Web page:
BusinessWeek’s Shirley Brady on online communities and crowdsourcing

BusinessWeek Names Me As One of Four Social Me...

Last week, we posted part one of our interview with Shirley Brady BusinessWeek’s first community editor. In this second part, Shirley explains how she interacts with BusinessWeek’s news desk and how the BusinessWeek community management strategy is changing, including how BusinessWeek utilises crowdsourcing.

How much interaction is there between you at the Community desk and the editors on the content-producing side? Do you advise on what you believe will get the desired reaction from the BusinessWeek community?

I’m constantly interacting with my colleagues to parlay reader feedback and suggestions to editorial. Part of this job involves standing up for the reader and voicing their concerns and desires (enough of them know me by now, and on Twitter, to email or DM me to express their views. My email address is also listed on our featured readers page.

And another part is almost media literacy – involving readers in our journalism, opening up our process while inviting and respecting their opinions on a subject. You’ll see our reporters on their blogs and on Twitter, for example, posing questions and gauging the sentiment on a story as they’re reporting it. They’re not only cultivating sources and building their own communities, but getting more informed about each story, and their beats, in the process. We create hashtags, put up daily polls and ask a lot of questions – it all helps inform editorial decision-making in terms of what will resonate with our readership.

Community management is becoming increasingly important in the news industry as organizations begin crowdsourcing aspects of coverage. How is BusinessWeek’s community management strategy evolving? What’s next?

How BusinessWeek’s community strategy will evolve will depend on the new owner, assuming McGraw-Hill reaches a deal to sell the brand (bids closed on September 15th). Hopefully whoever acquires BusinessWeek will value community-building and reader engagement as much as we do now, if not more. There’s a ton to still be done and ideas to take this to the next level, which I won’t detail for competitive reasons but hinted at above.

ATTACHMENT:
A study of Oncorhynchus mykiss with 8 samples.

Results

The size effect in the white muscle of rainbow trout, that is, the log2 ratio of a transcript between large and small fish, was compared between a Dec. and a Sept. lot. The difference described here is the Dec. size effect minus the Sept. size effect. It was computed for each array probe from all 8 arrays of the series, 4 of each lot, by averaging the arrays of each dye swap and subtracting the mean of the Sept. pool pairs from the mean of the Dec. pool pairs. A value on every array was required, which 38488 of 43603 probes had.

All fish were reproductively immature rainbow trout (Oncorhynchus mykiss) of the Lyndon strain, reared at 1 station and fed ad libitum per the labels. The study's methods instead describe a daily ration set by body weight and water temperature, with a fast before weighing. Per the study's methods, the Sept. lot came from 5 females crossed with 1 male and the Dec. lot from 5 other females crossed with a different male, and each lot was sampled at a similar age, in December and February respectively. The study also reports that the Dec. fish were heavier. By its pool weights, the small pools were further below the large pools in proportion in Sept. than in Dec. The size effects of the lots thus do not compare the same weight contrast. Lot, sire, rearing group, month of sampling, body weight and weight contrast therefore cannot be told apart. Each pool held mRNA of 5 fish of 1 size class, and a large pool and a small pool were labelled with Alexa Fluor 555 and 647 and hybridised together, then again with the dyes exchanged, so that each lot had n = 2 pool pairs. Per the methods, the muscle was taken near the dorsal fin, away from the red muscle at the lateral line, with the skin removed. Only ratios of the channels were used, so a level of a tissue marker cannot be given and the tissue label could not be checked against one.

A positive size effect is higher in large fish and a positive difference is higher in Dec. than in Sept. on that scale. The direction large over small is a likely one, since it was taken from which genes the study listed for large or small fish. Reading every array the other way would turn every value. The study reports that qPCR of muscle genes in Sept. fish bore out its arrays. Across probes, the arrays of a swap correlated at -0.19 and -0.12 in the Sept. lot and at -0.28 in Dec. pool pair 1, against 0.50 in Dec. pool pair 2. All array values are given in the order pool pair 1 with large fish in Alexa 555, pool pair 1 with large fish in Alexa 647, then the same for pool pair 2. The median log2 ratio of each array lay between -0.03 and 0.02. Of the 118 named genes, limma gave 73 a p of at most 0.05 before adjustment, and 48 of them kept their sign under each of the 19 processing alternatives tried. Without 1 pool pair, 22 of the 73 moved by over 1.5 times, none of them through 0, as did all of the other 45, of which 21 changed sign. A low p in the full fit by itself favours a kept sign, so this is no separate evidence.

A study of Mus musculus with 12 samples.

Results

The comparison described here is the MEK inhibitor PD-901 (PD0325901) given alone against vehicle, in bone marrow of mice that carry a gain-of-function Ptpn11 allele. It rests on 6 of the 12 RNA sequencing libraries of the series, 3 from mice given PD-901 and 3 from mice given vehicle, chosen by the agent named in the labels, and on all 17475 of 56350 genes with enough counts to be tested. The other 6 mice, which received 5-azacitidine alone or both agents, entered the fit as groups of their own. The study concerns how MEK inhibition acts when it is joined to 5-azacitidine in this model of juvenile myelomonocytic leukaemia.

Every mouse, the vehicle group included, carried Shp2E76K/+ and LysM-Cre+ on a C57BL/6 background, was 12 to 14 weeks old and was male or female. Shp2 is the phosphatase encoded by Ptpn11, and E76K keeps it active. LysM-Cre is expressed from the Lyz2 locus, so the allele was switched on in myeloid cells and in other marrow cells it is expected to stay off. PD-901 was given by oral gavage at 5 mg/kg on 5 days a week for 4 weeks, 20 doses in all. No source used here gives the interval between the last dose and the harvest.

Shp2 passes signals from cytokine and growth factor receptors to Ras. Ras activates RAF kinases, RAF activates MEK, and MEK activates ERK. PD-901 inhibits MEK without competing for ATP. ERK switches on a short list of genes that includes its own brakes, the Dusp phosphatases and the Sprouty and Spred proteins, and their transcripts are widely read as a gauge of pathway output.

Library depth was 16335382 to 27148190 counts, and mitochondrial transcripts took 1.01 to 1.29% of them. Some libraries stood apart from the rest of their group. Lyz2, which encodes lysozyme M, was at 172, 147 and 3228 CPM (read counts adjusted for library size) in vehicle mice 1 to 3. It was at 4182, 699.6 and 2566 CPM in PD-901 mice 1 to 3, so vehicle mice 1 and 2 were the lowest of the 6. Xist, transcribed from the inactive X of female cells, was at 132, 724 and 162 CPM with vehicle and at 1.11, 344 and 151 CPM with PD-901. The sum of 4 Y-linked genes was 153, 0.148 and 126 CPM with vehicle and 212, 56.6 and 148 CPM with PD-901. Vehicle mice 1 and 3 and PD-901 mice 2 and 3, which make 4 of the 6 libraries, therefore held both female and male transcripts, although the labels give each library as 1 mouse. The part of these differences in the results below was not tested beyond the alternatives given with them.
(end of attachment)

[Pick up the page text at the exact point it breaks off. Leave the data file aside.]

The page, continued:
As for other news organizations starting to embrace reader engagement: hear, hear! It’s been gratifying to see the New York Times name its first social media editor, Jennifer Preston, earlier this year; and impressive to see the variety and inventiveness of strategies employed by my peers such as Mathew Ingram at the Globe & Mail in Canada, Andrew Nystrom at the Los Angeles Times, or Andy Carvin at NPR, or to see what the Wall Street Journal is doing with Journal Community and the NYT with TimesPeople – all smart media organizations that understand the need to foster their communities in ways that breathe life into their brands, engage people with their content and enhance their mission and value proposition to the reader. Everybody’s trying something different, and while it might not always take off with readers, this inventiveness and entrepreneurial spirit is clearly invigorating journalism at news organizations such as the ones I’ve named above and countless others, including beyond North America (I’m inspired by, for instance, the BBC’s Have Your Say and the Guardian’s Comment is Free initiatives).

As for crowdsourcing, as noted above, we actively solicit and value our readers’ involvement and “invite them into our newsroom,” as John Byrne puts it, to inform our news decisions and editorial process. But I also believe that excellent journalism (reporting, writing and editing) has to be at the core of what BusinessWeek and other news organizations do, even as we open our doors to our readers. We’re building community around our content, injecting readers into the mix, and shaking up any old notions (if they ever existed) that journalists have the market cornered on analysis and reporting – the Internet put paid to that idea, gladly.

As John’s fond of saying, it’s about treating each story (blog post, slide show, photo-essay, interactive graphic, podcast, video) as a spark that creates a camp fire, or in John’s words, “the journalism then becomes an intellectual camp fire around which you gather an audience to have a thoughtful conversation about the story’s topic.” I love that metaphor, as it really embodies what I love about journalism – the storytelling.

In addition to being a reporter and writer throughout my career, my first full-time job in journalism was on the TV side of this business as a producer for TVOntario 20 years ago. Even then, I jumped at the opportunity to set up forums and discussions on early BBS platforms (Genie, Prodigy, CompuServe) as I was eager to engage our viewers in what we were producing and get their feedback as we shaped our programming, lined up interviews and planned our on-air schedule. It also helped build buzz and interest in seeing the final product, and always sparked additional ideas for us to pursue.

It’s not far off from what I do now, although the technology has advanced, as the online community is just as lively and eager to get great content and contribute to what you’re doing: they’ll share ownership in your success if you’ll let them in. Give them a stake in your process and they’ll come back, especially if they’re treated as partners and not just pageviews. I think it also helps that I approach this as a journalist, which helps elevate and promote the smart conversations around what’s going on in the news, on Wall Street, in Silicon Valley, around the industries and business topics that matter most to our readers.


  1. SocraticGadfly:

    But, that shouldn’t be given away for free any more than other online content.

    If it is, you’re simply adding new editorial staff whose jobs aren’t being paid for by anything.